Over-the-road truck driver Ken White had heartburn “for a million years” and it never worried him.
His prescription, a pill to decrease the acid produced in the stomach, kept his acid reflux under control.
Then, in early 2016, the Hersey, Michigan, resident started getting hiccups every time he ate. He made an appointment with his family doctor, who ordered tests that soon revealed a small hiatal hernia.
The doctor also ordered an endoscopy for a closer look at his gastrointestinal tract.
White’s wife, Lois—his over-the-road driving partner for years—quickly began keeping detailed notes in a little book, logging all his appointments, tests and treatments.
That book soon included his diagnosis: esophageal cancer.
‘In your hands’
Cancer of the esophagus is tricky to diagnose because most patients don’t show symptoms until the disease has advanced.
White and his doctors set out immediately in a vigorous fight against the disease. He underwent 23 radiation treatments and five rounds of chemotherapy in just one month at the Susan P. Wheatlake Regional Cancer Center in Reed City, near the Whites’ home.
“After that I had the worst heartburn,” White said. “It was beyond bearable.”
The treatments shrank White’s tumor from the size of his index finger to a small nub. He talked with his wife and two sons before agreeing to move forward with major surgery to remove the last bit of cancer.
Spectrum Health surgical oncologist M. Mura Assifi, MD, assisted by Andrea Wolf, MD, performed an esophagectomy, removing most of his esophagus before then pulling his stomach up from his abdomen to his neck.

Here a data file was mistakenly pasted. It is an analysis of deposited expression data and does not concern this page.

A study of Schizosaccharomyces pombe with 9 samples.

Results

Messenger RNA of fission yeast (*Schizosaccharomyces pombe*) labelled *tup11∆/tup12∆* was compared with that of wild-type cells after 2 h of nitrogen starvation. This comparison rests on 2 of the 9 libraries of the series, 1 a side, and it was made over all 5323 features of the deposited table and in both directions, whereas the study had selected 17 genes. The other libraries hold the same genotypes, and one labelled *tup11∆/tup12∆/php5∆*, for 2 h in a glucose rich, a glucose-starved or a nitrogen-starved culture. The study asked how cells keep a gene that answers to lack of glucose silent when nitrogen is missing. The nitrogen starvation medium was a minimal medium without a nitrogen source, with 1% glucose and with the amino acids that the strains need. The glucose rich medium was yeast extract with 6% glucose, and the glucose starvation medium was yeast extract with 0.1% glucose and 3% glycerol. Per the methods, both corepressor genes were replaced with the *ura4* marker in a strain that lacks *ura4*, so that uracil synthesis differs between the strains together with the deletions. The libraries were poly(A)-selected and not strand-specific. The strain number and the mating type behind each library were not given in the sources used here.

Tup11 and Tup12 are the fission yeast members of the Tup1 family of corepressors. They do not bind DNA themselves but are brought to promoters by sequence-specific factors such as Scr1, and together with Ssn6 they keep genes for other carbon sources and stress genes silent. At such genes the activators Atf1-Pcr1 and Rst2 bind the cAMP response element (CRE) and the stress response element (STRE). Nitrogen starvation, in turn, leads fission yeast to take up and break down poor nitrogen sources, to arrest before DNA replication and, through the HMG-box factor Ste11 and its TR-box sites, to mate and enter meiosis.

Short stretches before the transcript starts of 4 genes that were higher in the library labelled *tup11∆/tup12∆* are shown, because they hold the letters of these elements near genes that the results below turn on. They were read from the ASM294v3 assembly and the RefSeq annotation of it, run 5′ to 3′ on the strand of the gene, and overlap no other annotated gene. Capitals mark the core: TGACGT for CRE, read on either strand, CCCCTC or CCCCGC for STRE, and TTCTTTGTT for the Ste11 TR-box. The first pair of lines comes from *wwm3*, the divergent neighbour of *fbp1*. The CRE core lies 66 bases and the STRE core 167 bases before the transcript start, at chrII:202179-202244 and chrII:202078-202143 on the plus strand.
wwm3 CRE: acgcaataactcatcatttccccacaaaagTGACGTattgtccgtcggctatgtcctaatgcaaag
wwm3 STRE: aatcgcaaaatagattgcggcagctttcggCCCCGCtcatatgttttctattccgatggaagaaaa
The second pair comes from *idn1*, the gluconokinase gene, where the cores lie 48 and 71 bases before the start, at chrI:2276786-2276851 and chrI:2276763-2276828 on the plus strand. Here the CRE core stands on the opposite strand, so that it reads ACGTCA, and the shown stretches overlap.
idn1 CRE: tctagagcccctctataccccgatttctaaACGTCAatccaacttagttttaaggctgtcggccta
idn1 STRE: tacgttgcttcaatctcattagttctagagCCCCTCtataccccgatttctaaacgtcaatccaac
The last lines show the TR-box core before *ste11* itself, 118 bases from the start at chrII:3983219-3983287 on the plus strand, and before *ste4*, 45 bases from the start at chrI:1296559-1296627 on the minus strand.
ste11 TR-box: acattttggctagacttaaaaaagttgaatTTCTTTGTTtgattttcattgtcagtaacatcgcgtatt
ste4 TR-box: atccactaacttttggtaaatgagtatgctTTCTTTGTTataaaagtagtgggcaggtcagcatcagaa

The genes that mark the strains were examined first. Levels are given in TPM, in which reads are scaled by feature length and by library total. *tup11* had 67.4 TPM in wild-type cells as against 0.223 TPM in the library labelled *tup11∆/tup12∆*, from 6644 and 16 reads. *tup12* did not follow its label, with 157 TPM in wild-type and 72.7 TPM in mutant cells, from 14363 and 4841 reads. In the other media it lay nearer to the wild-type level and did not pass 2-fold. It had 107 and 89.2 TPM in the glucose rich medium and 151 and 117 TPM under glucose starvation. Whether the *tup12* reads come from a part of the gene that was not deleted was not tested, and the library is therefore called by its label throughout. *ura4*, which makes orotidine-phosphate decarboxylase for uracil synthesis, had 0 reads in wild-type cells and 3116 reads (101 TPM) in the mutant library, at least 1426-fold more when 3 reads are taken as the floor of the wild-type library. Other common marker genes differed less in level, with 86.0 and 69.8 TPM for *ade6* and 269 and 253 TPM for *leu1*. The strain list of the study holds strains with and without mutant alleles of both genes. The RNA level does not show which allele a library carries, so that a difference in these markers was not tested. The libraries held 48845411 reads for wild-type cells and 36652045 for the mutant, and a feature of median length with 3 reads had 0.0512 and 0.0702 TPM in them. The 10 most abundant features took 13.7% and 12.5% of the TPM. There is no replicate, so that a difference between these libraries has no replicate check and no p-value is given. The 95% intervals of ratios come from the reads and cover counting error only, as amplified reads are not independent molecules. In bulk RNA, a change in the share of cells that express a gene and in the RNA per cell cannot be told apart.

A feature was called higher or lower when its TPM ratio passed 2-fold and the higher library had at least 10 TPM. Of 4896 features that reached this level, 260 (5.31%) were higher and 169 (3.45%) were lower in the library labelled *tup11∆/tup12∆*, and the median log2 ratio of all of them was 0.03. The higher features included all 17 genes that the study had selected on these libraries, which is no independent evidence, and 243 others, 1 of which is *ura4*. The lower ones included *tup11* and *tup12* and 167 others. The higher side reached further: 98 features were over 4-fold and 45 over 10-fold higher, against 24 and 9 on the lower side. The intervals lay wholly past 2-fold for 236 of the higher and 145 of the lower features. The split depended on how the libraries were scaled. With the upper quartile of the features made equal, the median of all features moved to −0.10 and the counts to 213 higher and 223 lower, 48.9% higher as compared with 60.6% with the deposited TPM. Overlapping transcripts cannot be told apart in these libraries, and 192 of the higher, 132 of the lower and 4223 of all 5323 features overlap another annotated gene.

“When I was wheeled into the operating room, I took Dr. Assifi’s hand and told her, ‘I’m putting my life in your hands,’” White said.
After surgery he spent two weeks in the hospital. He started off on a feeding tube and then slowly regained his ability to eat and drink again.
“It’s a long, hard road to recovery,” White said. “There were days I wanted to give up.”
Normally an affable guy, he even had moments when, as he describes it, he “wasn’t a very nice person.”
At his lowest, he ordered the medical staff to leave his hospital room. He had refused treatment that entire day, although he later apologized by delivering a bouquet of flowers to the doctors’ office.
These days, there remains a special bond between White and the surgeons who helped save his life.
“They made us feel like part of the family,” Dr. Wolf said.
The relationship has only strengthened since. White still sees Dr. Wolf occasionally for dilations to keep his esophagus open so he can swallow. It’s an outpatient procedure performed at the Spectrum Health Gastroenterology Center on Lake Drive in Grand Rapids.
“It’s easy-peasy, cup of soup,” Lois said.
Five months after surgery, White went back to work. He drives a 53-foot rig from Reed City to Dallas, with one stop-off in Wisconsin.
That’s a 2,863-mile trek each week. Not bad for a 70-year-old cancer survivor.
His latest PET scans show he’s cancer-free.
And while he’s all smiles as he looks forward to his healthy future, he also isn’t one to sugarcoat the road he traveled.
“I was a hurting puppy for awhile,” White said. “It’s major surgery and, really, the recovery is worse than the surgery.
“You gotta go in there with a positive mind,” he said. “Keep a positive attitude and just fight it all the way.”